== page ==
Ulster parallels (Jeremy Bowen)


Ulster parallels

I have never liked comparisons between Northern Ireland and the conflict here. Apart from the fact that they are not always helpful, writing and broadcasting about the Middle East is a good enough way to make enemies. I don’t need another set.

But think about this. For many years Britain faced an insurgency and at times a low-level civil war in Northern Ireland. Those sorts of terms weren’t used all that much but that’s what it was.

At different times the IRA planted bombs on the British mainland that killed people and did a lot of damage. The actions of the British security forces during three decades of the Troubles were very controversial, and still are today. Sometimes the British army killed innocent people.

But Britain never used heavy weapons, fast jets, air strikes and attack helicopters. Tracked armoured vehicles were very rarely seen.

And it has emerged that there were many secret contacts over the years with the paramilitaries. In the end, there were years of negotiations. Prisoners who were serving long sentences were released as part of the price of peace, even, in the phrase used in this part of the world, if they had “blood on their hands”.

There is no doubt about the extreme suffering that Israel is inflicting on Palestinians in Gaza to protect, in its view, its own citizens. It is deepening the hatred for Israel that many people in Gaza felt anyway.

Israel has used what Prime Minister Ehud Olmert calls the iron fist many times before. And its citizens still feel insecure.

Will they feel any different when this latest episode is over?

To answer Bowen’s query, it is not true that “any” country would respond to insurgent/terrorist attacks the way Israel is doing. Any country can do so, of course, but whether it would reflects strategic decisions. To say any would certainly respond in this way is reductionist and an outright frightening proposition.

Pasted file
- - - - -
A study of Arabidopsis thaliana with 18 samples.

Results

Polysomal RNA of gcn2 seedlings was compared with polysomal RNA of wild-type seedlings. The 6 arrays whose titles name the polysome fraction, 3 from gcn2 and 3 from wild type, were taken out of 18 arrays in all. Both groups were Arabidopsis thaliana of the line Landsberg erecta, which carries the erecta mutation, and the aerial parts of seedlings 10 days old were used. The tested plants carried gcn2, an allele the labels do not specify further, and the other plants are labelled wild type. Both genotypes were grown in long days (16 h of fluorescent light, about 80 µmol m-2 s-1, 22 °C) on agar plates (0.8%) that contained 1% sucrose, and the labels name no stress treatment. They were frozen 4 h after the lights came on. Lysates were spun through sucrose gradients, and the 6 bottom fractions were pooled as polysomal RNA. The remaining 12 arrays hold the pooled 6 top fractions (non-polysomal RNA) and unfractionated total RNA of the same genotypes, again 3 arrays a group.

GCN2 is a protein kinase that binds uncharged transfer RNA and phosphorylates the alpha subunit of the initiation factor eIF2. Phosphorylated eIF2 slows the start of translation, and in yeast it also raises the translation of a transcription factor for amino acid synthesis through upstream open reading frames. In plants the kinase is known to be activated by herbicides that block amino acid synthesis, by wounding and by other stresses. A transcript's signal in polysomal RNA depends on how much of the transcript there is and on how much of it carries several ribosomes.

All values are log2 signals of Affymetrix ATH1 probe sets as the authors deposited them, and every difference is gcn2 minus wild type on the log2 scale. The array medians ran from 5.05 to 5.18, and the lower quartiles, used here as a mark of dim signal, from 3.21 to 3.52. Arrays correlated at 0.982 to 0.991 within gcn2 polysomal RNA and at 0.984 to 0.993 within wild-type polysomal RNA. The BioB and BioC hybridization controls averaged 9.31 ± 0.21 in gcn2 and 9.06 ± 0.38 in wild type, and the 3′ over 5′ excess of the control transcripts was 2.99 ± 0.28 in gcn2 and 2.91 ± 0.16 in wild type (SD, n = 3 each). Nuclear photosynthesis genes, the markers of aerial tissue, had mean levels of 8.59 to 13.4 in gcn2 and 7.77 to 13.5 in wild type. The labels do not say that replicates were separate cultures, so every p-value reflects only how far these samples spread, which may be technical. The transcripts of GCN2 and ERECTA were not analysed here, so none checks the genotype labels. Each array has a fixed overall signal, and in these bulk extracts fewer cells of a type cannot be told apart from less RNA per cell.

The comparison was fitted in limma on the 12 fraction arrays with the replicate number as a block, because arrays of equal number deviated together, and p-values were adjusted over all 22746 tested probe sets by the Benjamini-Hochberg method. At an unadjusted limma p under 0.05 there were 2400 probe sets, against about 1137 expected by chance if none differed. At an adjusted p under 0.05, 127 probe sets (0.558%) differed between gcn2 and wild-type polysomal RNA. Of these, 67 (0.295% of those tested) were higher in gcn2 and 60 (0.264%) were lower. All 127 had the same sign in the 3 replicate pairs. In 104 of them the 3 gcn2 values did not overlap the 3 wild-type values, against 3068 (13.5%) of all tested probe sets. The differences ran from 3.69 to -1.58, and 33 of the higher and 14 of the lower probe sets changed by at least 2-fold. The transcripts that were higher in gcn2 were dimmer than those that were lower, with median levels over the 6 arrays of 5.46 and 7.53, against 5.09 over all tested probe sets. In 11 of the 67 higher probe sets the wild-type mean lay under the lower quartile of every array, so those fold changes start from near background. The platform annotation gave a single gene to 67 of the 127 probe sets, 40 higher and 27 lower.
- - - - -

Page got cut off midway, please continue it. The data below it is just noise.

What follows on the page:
Also, with so many children being killed, this “punishment” is hardly likely to encourage any sense of moderation by Hamas or the overall population in Gaza, as well outlined by Isabel Kershner (“War on Hamas saps Palestinian leaders“). It is more assuredly likely to encourage victimhood, which will serve the militants well (plenty of global examples).

With the caveat of obvious differences, imagine such an all-out affront by British armed forces against IRA “assets” (Sinn Fein-used council offices, schools, residential tower blocks). Not reasonable to expect the wider Irish nationalist population in Northern Ireland to respond, “Oh yes, we must now support the moderate SDLP because the Brits won’t bomb us then!” The idea that the Palestinian Authority is going to benefit from Israeli bombardment is ludicrous.

Indeed, last night the BBC broadcast another piece by Bowen, on how radicalisation of the Gaza situation poses its own challenges to the more secular, neighbouring regimes. He exemplified this via an interview with the President of Syria, Bashar al-Assad. Excellent journalism: putting events in a wider context for an improved analysis.